The record-breaking rise in used-car prices is probably coming to an end — and with it a key driver of the recent spike in U.S. inflation.
The bellwether of the industry — the wholesale market where dealers buy and sell in bulk — has already topped out and prices of individual secondhand cars should follow in a matter of weeks, said Zo Rahim, industry analyst at Cox Automotive. Cox owns Manheim, the biggest U.S. auction house selling millions of vehicles every year.
Soaring prices for secondhand vehicles have helped push U.S. inflation to the highest in more than a decade. The cost of used cars and trucks climbed 10% in April, and another 7.3% in May when they were responsible for one-third of the overall rise in consumer prices.
All kinds of pandemic-driven shifts in supply and demand have contributed to the run-up. But there are signs that it may be peaking — bolstering the Federal Reserve’s argument that the spike in inflation, as the COVID-19 pandemic eases and the economy reopens, will turn out to be largely transitory.
“Wholesale prices as of right now are at their peak and should start to come down,” Rahim said. “We are seeing a decelerating pace of price increases in the first two weeks of June, compared to what has been just an absolute surge.”
Prices for individual vehicles typically track the wholesale market, but with a lag, he said. That likely means “a few more weeks of retail prices increasing, before they start to follow suit.”
Manheim’s wholesale index of used-vehicle value was 36% higher than a year earlier as of mid-June — down from an annual rate above 50% in April. One effect of higher prices has been to push the average age of vehicles on U.S. roads up to a record 12.1 years in January.
The volatile U.S. auto market was cited by Fed Chair Jerome Powell in a House hearing on Tuesday to help explain the outlook for consumer prices.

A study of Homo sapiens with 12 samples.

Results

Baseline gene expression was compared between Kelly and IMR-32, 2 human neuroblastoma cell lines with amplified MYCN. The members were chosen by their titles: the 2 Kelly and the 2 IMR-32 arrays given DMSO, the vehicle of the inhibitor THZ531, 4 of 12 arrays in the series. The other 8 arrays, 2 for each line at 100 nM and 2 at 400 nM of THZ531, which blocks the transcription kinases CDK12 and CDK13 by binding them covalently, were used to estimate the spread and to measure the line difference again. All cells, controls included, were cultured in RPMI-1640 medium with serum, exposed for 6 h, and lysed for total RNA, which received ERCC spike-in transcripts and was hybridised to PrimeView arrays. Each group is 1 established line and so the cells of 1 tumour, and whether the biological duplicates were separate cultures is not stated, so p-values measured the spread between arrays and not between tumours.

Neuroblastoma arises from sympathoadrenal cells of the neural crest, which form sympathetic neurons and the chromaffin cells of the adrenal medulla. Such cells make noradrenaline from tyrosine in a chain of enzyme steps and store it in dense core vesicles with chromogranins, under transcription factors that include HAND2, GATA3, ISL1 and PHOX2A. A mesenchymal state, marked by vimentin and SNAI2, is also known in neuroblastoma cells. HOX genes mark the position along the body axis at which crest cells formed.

“A pretty substantial part, or perhaps all of the overshoot in inflation comes from categories that are directly affected by the re-opening of the economy, such as used cars and trucks,” Powell said. “Those are things that we would look to stop going up, and ultimately to start to decline.”
He added a cautionary note: “These effects have been larger than we expected and they may turn out to be more persistent than we expected.”
The jump in used-car prices has a variety of causes. Some are unique to the auto industry, and others are playing out across the economy. Some result from pandemic trends that are already fading, and others from shifts in behavior that could take longer to return to pre-COVID norms — if they ever do.
Following is an overview of some of them.
Unusual demand conditions
U.S. household incomes actually rose on aggregate during the pandemic, as government aid and expanded benefits more than offset lost wages. And since lockdowns limited spending opportunities, much more of the money got stashed away than usual.
“Consumers are sitting on savings that they have accumulated over the last 12 months, and are leveraging that money to buy durable goods such as cars,” said Rahim, the Cox Automotive analyst.
Auto factories all over the world shut down at the worst points of the pandemic. As they tried to crank production back up, a new problem emerged: shortages of semiconductors, key components for in-car touchscreens and other functions like power steering.
Global output of new vehicles in the first quarter was down more than 2 million units from 2019.That’s had a knock-on impact on the used-car market in the U.S. With a squeeze on the availability of new vehicles, many buyers turned to secondhand ones instead.
Among those buyers, rental companies played a key role. They usually replenish their fleets with new cars. But this year, after selling hundreds of thousands of cars early in the pandemic as travel demand slumped, they’ve been turning to secondhand ones instead.
Companies like Hertz and Enterprise say they’ve been expanding their fleets by buying used cars where they can find suitable ones — contributing to the surge in demand, where they’d normally be adding to supply by selling their older vehicles.
As well as having more savings to spend on buying a car, many Americans have also soured on other kinds of transportation during the pandemic — making cars even more essential to millions of families.
All forms of travel were sharply curtailed in the first months of the U.S. pandemic, but car usage never declined as much as planes or public transit — and it’s come much closer to regaining pre-COVID levels.